Alternatively referred to as a link and web link, a hyperlink is an icon, graphic, or text in a document that links to another file or object. The World Wide Web is comprised of hyperlinks linking trillions of pages and files to one another. For example, Computer Hope home page is a hyperlink to the main page of Computer Hope.
- Why are hyperlinks used on web pages?
- What happens when you click a hyperlink?
- Why are some hyperlinks different colors?
- Example of how to create a hyperlink.
- How can I click a link without using a mouse?
- How to create a hyperlink on an image.
- Other places hyperlinks are found.
- Related browser pages.
- Internet browsers help and support.
Why are hyperlinks used on web pages?
What happens when you click a hyperlink?
When you click, tap, or select a hyperlink, the browser leaves the current page you are viewing and opens the link for the new page. For example, you could click on any of the links below to find out more information related to hyperlinks.
It is also possible to create a hyperlink (named anchor) to a location on the same page. For example, the links at the beginning of this page are all named anchors to each of the headings on this page. A link may also open a new tab and keep the current window open as a background tab.
On a computer you can identify a hyperlink even if it is not underlined by hovering your mouse pointer over the text. A browser will change the pointer from an arrow to a finger to indicate it can be opened. Also, at the bottom of the window the URL of the link should appear to help you identify where the link points.
Why are some hyperlinks different colors?
For usability, many websites (including Computer Hope) change the color of visited hyperlinks as a way to let the reader know what page they have already visited. For example, unless you have already viewed our motherboard page, the link should be blue. However, the link to this hyperlink page should be purple because you've visited the page since you are reading it now.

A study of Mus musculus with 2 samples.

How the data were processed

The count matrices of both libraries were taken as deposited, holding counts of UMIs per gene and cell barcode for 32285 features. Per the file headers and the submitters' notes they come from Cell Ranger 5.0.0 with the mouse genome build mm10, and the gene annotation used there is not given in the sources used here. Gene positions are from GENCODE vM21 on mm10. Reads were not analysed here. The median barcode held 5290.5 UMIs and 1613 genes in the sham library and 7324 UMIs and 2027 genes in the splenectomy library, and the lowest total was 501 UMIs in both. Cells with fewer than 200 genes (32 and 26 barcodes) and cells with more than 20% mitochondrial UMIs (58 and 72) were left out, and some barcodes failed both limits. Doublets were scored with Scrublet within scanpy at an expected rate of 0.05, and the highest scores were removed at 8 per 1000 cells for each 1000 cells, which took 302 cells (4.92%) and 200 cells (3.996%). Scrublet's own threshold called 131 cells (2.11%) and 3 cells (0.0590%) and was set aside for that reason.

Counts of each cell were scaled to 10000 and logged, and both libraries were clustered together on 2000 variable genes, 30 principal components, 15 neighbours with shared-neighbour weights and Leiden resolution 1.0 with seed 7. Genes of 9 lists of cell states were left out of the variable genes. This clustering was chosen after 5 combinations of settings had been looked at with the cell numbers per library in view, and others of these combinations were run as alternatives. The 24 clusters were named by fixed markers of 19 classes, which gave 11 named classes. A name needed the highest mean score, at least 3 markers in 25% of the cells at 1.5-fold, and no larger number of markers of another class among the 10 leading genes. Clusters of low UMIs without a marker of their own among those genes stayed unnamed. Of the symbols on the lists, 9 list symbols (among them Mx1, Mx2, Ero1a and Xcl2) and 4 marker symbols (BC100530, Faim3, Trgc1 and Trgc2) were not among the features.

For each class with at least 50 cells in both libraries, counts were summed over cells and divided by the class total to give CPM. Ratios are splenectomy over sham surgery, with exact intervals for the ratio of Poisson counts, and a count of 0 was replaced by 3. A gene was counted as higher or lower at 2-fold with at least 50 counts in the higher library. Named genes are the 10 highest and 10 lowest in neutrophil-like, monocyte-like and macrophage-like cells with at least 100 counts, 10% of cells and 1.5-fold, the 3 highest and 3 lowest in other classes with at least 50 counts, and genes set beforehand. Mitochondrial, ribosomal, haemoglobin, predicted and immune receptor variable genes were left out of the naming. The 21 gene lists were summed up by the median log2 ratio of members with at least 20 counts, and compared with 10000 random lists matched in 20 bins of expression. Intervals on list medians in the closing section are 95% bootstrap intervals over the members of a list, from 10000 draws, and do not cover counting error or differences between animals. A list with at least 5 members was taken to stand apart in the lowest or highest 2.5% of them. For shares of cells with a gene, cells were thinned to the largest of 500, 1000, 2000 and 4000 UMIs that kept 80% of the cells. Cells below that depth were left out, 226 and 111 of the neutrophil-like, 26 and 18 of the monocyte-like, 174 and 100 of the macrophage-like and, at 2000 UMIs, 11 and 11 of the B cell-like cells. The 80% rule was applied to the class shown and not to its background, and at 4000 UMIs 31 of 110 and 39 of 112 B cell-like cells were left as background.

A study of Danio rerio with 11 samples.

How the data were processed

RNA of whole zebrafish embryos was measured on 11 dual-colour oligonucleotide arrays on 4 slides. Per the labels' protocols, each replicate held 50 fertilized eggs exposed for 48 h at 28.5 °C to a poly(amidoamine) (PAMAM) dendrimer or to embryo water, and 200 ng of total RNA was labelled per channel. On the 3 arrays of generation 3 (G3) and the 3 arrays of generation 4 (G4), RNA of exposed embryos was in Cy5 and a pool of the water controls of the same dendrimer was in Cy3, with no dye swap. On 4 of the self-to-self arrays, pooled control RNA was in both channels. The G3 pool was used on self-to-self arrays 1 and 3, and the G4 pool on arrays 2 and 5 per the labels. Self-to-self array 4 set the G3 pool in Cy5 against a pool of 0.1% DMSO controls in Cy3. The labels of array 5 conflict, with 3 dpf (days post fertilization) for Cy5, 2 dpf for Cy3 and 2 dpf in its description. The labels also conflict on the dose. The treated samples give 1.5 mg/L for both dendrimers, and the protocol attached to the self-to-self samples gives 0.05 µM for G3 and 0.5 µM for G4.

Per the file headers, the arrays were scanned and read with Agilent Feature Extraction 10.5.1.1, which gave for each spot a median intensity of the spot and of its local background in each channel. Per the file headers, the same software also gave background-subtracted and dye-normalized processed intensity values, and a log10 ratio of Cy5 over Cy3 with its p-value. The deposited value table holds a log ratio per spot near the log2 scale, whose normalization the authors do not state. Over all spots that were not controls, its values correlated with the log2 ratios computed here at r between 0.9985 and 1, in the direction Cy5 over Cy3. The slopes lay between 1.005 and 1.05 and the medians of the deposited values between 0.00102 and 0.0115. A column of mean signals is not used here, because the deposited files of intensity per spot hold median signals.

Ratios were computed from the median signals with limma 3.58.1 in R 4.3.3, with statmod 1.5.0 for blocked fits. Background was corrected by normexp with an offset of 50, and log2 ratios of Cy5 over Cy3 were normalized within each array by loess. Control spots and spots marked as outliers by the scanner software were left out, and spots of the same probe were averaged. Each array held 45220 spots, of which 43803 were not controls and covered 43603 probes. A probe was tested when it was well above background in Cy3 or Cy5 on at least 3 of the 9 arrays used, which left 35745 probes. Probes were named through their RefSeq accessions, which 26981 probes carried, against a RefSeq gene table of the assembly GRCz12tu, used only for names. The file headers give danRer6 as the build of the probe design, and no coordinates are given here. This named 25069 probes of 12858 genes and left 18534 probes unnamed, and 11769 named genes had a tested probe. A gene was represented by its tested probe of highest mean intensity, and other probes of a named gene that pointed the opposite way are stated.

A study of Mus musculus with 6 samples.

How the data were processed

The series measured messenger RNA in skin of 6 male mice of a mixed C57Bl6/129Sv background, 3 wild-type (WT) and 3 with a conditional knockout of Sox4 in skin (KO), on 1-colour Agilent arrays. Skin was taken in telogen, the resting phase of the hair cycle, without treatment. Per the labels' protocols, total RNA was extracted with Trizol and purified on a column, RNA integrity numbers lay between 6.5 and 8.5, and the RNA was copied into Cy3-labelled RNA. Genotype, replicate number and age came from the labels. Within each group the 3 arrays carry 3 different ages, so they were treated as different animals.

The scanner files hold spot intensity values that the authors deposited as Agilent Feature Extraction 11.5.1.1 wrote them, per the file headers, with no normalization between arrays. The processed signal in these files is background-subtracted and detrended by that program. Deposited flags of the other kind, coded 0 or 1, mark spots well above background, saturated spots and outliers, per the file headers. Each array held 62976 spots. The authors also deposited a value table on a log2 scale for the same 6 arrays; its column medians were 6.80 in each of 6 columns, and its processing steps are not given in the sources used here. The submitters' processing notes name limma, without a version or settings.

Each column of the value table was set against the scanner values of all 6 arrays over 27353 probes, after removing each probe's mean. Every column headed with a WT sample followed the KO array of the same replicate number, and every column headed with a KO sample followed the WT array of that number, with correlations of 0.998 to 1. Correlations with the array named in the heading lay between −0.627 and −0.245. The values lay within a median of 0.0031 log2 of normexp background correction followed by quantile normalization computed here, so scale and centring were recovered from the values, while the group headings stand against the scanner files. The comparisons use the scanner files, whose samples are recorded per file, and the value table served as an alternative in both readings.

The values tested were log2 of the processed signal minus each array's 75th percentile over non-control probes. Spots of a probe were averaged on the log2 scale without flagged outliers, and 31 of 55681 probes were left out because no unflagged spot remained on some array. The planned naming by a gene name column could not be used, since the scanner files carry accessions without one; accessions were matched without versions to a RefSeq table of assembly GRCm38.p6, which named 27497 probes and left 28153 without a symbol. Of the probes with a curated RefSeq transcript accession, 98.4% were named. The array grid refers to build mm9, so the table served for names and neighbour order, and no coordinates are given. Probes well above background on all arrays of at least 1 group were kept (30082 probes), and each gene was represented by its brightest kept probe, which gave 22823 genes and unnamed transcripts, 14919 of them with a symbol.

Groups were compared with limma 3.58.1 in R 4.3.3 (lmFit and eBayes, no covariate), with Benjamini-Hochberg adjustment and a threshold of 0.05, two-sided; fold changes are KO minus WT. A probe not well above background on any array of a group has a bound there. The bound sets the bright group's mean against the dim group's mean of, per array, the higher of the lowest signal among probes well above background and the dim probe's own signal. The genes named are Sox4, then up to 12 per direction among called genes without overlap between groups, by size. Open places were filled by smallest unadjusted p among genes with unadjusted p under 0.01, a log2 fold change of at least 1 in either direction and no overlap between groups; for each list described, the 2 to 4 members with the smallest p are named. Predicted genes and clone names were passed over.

Example of how to create a hyperlink
Below is an example of how to create a hyperlink on an HTML page. In our visual example, you can see that a hyperlink uses the a tag with the href attribute that points to the file or web page. In the example, the hyperlink would be titled "Computer Hope" and point to the hope.html file. If the file did not exist, you would get a 404 error.
Further information and examples on creating a hyperlink can also be found on the link below.
How can I click a link without using a mouse?
A keyboard can also perform the same action as a click by pressing either the Spacebar key or the Enter key on the keyboard. For example, you can press the Tab key repeatedly to navigate through each of the links on this page. When you get to a link you want to "click" and visit, you can press the Enter key to follow that link.
How to create a hyperlink on an image
In HTML, there are two ways you can create a hyperlink on an image. If you want to link the complete image, you can place the img tag in the anchor tag. If you want to create a hyperlink in only part of the image, you would create an image map.
Other places hyperlinks are found
Hyperlinks are not exclusive to Internet browsers. Many programs and even operating systems also use hyperlinks. For example, electronic documents, PDFs, and Windows 10 all feature hyperlinks that can be used to open other files, documents, and web pages.